Alarm hazards, robotic surgery risks and radiation exposure in hybrid operating rooms were on ECRI Institute’s annual Top 10 Health Technology Hazards list, which raises awareness of the potential dangers associated with the use of medical devices and helps health care providers minimize the risk of technology-related adverse events.
Clinical alarm hazards remain at the top of the list due to their prevalence and their potential to result in serious patient harm, according to ECRI, a nonprofit health IT organization.
New topics on the list this year include hazards related to radiation exposure in hybrid operating rooms and complications arising from insufficient training in the application of robotic surgery. The list also includes two hazards describing risks to pediatric patients: computed tomography (CT) radiation dose and the use of technologies designed for adults.
Coming in fourth place on the list were data integrity failures in electronic health records (EHRs) and other health IT systems. The presence of incorrect data could lead to incorrect treatment causing patient harm, and the data in an EHR or other health IT system can be compromised, the report noted.
Other hazards included in the list were inadequate reprocessing of endoscopes and surgical instruments, neglecting change management for networked devices and systems, risks to pediatric patients from adult technologies, robotic surgery complications due to insufficient training, and retained devices and unretrieved fragments.
“Technology safety can often be overlooked,” James P. Keller Jr., vice president of health technology evaluation and safety at ECRI Institute, said in a statement. “Based on our experience, there are serious safety problems that need to be addressed. ECRI Institute recommends that hospitals use our list as a guide to help prioritize their technology-related safety initiatives.”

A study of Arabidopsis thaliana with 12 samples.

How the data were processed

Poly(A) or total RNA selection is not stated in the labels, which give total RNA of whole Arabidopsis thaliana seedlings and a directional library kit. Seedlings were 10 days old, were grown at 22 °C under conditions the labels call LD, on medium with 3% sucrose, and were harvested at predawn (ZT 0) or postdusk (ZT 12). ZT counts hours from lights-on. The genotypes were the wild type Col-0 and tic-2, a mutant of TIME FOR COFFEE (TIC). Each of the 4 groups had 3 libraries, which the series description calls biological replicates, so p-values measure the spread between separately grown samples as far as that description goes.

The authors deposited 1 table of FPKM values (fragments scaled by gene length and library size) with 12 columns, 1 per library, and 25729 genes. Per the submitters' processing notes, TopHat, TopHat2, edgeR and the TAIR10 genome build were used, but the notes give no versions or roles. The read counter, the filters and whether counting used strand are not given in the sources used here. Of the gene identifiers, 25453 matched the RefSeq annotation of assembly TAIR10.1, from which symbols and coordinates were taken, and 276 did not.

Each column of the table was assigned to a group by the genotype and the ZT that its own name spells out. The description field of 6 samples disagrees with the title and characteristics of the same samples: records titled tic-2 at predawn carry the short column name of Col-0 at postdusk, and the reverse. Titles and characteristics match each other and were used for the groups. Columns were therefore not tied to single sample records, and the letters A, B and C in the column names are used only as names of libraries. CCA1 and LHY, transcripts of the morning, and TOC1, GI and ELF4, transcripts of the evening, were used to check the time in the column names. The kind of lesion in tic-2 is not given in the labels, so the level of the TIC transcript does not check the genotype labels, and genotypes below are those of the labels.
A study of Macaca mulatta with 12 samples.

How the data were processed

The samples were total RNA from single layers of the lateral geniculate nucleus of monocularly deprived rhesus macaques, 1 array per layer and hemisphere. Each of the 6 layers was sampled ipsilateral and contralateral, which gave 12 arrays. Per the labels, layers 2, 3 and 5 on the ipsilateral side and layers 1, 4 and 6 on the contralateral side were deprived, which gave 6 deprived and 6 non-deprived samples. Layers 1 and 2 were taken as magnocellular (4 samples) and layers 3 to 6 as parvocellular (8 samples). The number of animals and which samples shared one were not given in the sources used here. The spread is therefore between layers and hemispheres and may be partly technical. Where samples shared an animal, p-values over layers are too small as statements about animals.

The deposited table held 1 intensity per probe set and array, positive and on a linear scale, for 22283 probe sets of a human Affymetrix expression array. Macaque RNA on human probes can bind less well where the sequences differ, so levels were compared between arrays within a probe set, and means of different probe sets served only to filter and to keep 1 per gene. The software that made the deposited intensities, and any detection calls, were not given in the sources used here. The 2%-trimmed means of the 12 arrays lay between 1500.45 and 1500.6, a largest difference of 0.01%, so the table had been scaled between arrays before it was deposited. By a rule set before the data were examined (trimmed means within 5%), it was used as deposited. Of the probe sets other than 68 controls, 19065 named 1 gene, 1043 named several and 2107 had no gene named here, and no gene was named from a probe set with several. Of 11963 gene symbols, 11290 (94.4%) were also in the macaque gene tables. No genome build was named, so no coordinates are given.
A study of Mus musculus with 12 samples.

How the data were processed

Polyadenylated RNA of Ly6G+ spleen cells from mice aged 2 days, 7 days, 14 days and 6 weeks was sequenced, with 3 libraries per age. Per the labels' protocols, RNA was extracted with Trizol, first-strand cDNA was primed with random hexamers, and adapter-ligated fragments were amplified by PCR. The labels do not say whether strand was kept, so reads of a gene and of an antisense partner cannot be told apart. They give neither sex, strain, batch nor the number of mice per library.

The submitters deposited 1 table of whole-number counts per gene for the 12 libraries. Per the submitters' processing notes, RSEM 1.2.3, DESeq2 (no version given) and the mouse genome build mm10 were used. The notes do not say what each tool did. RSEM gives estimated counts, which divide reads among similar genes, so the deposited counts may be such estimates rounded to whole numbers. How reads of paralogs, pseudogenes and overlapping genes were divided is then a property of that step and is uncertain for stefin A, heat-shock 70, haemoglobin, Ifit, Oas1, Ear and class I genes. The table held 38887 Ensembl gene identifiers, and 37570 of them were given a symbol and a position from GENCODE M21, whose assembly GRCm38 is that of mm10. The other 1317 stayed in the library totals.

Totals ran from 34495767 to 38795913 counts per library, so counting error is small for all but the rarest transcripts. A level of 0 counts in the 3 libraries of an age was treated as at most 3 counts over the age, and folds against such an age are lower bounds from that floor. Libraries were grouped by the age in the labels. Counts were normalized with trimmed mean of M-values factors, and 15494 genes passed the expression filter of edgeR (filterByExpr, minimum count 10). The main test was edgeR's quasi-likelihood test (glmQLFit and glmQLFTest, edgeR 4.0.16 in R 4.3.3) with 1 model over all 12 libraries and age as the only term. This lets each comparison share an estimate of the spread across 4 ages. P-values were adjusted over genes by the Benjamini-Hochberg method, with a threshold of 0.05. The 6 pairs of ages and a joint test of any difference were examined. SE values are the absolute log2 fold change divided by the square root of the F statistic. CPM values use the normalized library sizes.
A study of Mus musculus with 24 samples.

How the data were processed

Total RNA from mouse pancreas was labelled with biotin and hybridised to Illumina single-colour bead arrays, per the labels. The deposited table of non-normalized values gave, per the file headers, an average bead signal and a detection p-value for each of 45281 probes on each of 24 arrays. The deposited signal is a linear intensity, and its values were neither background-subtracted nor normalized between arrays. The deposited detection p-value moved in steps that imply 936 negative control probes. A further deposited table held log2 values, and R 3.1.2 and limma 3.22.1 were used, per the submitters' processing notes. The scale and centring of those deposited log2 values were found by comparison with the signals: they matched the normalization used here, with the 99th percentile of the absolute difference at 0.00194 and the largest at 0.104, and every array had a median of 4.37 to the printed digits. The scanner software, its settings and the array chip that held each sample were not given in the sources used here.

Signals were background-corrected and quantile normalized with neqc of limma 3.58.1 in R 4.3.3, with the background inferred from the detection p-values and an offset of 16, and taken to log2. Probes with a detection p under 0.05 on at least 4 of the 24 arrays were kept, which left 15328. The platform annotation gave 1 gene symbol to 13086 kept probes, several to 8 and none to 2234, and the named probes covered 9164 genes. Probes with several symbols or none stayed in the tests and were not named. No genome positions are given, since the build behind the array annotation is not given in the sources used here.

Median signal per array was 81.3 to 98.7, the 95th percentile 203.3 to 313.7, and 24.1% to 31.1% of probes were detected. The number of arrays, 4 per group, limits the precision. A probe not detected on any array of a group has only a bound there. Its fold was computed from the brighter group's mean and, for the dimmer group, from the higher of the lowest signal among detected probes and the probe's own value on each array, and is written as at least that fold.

Complementing the annual list is the organization’s Web-based Health Technology Hazard Self-Assessment Tool, which provides a facility- or department-specific risk factor rating of low, medium or high related to each of the top 10 hazards. The tool also provides targeted recommendations for mitigating the risks associated with each of the top 10 hazards.
To develop the annual list, ECRI Institute and ECRI Institute PSO engineers, scientists, nurses, physicians and patient safety analysts draw on the resources of the institute’s 45-year history, as well as their own expertise and insight gained through analyzing health care technologies. This insight includes examining health technology-related problem reports from hospitals and health systems worldwide, as well as those received through the organization’s federally designated patient safety organization, ECRI Institute PSO.